Perhaps your aging parent is moving in with you or nearby so you can take a more active role in caring for her. After you set her up with a housing situation, you’ll want to make sure that all the members of her support team are in place—including selecting a doctor. But how do you find a doctor that you and your parent can trust and agree on? Here are some tips for selecting the right doctor for you and your loved one.
Consider the doctor’s specialty. If you have a family or general practitioner that you’re comfortable with, that might be a great place to start. Many people choose doctors based on friend or family recommendations. If you choose your current doctor, double check that he sees a good amount of older patients and is familiar with medical conditions that older patients experience.
Geriatricians specialize in working with older patients and may make your parent feel more at ease. Before you select a doctor, you might want to make a list of about three and investigate their practices further. You can then verify their credentials by using tools such as the AMA DoctorFinder. This resource provides basic information on virtually every licensed doctor in the United States. Check to see:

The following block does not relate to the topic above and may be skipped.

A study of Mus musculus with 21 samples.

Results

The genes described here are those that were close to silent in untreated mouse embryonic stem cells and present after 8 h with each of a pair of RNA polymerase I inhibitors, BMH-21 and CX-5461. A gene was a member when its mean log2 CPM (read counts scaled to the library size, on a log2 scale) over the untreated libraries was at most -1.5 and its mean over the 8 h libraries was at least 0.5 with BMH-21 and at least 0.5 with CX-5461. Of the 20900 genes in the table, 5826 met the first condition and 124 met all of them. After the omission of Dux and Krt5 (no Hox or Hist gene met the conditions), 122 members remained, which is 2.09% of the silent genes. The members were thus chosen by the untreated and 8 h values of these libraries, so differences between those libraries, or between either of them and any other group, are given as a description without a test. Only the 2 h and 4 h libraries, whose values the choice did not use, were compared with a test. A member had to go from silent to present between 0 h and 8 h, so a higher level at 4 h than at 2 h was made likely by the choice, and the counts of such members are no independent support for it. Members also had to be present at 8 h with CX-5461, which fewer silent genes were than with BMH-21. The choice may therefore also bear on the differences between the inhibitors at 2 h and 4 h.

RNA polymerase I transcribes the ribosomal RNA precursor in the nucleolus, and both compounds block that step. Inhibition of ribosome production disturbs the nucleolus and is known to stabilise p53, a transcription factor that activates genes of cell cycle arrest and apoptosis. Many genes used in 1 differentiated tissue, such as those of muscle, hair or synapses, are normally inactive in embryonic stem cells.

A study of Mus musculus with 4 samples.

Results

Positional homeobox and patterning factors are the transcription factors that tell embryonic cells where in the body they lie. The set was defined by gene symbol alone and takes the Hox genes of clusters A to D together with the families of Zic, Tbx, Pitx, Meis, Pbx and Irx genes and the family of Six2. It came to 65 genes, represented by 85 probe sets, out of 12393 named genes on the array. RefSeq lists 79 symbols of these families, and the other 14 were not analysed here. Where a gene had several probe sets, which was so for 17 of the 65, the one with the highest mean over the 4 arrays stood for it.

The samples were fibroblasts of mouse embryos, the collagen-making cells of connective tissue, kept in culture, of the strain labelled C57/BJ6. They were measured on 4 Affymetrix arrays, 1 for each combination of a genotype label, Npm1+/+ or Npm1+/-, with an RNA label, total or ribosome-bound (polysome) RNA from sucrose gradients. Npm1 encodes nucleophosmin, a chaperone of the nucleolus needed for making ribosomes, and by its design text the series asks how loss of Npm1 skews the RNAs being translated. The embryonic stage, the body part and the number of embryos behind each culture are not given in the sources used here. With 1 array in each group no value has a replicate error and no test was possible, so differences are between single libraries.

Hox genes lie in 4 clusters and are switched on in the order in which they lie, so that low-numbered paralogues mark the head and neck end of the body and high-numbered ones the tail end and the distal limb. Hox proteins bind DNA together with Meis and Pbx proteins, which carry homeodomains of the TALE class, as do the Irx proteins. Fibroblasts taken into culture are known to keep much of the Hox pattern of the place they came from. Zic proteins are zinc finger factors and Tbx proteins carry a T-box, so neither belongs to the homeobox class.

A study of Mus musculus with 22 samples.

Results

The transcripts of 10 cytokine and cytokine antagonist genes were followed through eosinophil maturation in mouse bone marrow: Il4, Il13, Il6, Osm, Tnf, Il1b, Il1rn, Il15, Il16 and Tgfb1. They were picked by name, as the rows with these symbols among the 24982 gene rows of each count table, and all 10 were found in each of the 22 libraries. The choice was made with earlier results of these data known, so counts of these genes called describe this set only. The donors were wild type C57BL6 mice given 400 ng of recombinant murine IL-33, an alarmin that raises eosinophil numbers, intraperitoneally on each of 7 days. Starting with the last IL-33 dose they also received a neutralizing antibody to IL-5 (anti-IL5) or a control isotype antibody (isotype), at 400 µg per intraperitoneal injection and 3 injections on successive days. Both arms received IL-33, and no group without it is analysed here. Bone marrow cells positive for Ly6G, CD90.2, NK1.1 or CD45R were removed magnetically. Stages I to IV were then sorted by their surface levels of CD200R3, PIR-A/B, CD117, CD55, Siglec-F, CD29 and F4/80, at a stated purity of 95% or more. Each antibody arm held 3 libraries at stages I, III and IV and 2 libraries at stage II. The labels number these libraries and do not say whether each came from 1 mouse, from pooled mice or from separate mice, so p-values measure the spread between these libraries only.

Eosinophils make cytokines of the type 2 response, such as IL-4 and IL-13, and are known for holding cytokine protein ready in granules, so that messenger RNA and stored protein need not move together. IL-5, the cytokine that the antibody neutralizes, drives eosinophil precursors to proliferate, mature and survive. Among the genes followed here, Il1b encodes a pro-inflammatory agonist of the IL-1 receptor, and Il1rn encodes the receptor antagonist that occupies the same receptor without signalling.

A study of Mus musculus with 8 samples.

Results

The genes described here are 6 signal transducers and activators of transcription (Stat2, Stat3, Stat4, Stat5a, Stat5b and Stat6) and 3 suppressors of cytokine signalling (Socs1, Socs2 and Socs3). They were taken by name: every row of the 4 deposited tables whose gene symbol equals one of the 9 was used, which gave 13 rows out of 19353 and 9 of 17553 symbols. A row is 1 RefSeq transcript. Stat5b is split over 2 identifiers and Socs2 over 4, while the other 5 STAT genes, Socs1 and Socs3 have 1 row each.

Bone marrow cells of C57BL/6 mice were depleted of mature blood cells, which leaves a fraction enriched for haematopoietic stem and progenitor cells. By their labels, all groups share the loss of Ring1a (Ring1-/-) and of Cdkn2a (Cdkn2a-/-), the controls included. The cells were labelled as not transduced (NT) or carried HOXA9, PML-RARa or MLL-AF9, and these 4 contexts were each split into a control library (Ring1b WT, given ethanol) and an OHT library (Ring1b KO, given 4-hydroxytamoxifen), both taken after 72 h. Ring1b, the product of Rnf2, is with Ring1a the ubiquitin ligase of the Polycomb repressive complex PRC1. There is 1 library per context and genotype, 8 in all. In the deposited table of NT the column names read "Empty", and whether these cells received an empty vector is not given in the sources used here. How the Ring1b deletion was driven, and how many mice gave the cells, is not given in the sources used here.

- If the practice accepts your parent’s insurance
- Where the office is located—will it be difficult to travel with your parent?
- Is it a large practice—busy offices may have long wait times, which can be uncomfortable for older adults
- What are the other doctors in the practice? Could they act as back-ups if your parent’s doctor is unavailable, or do they have other specialists your parent might need to visit?
- What hospital is the doctor affiliated with? Is it convenient and reputable?
When you and your loved one visit with the doctor, be sure to ask medical questions as well as those that can inform the way you interact with him and his office. For example, if you will be attending visits with your parent, make sure that the doctor is willing to speak with you together about your parent’s medical information (with your parent’s permission).
Finding a doctor you trust is critical to maintaining a long-term relationship of care. Your doctor should be the one you go to for all your health and medical questions, so it is imperative you value his opinions and suggestions. Most importantly, you must feel comfortable when talking to the doctor. If you feel intimidated or unsure of yourself in the presence of the prospective doctor you should consider continuing your search. And, always remember that it is wise to get a second opinion prior to beginning any type of treatment.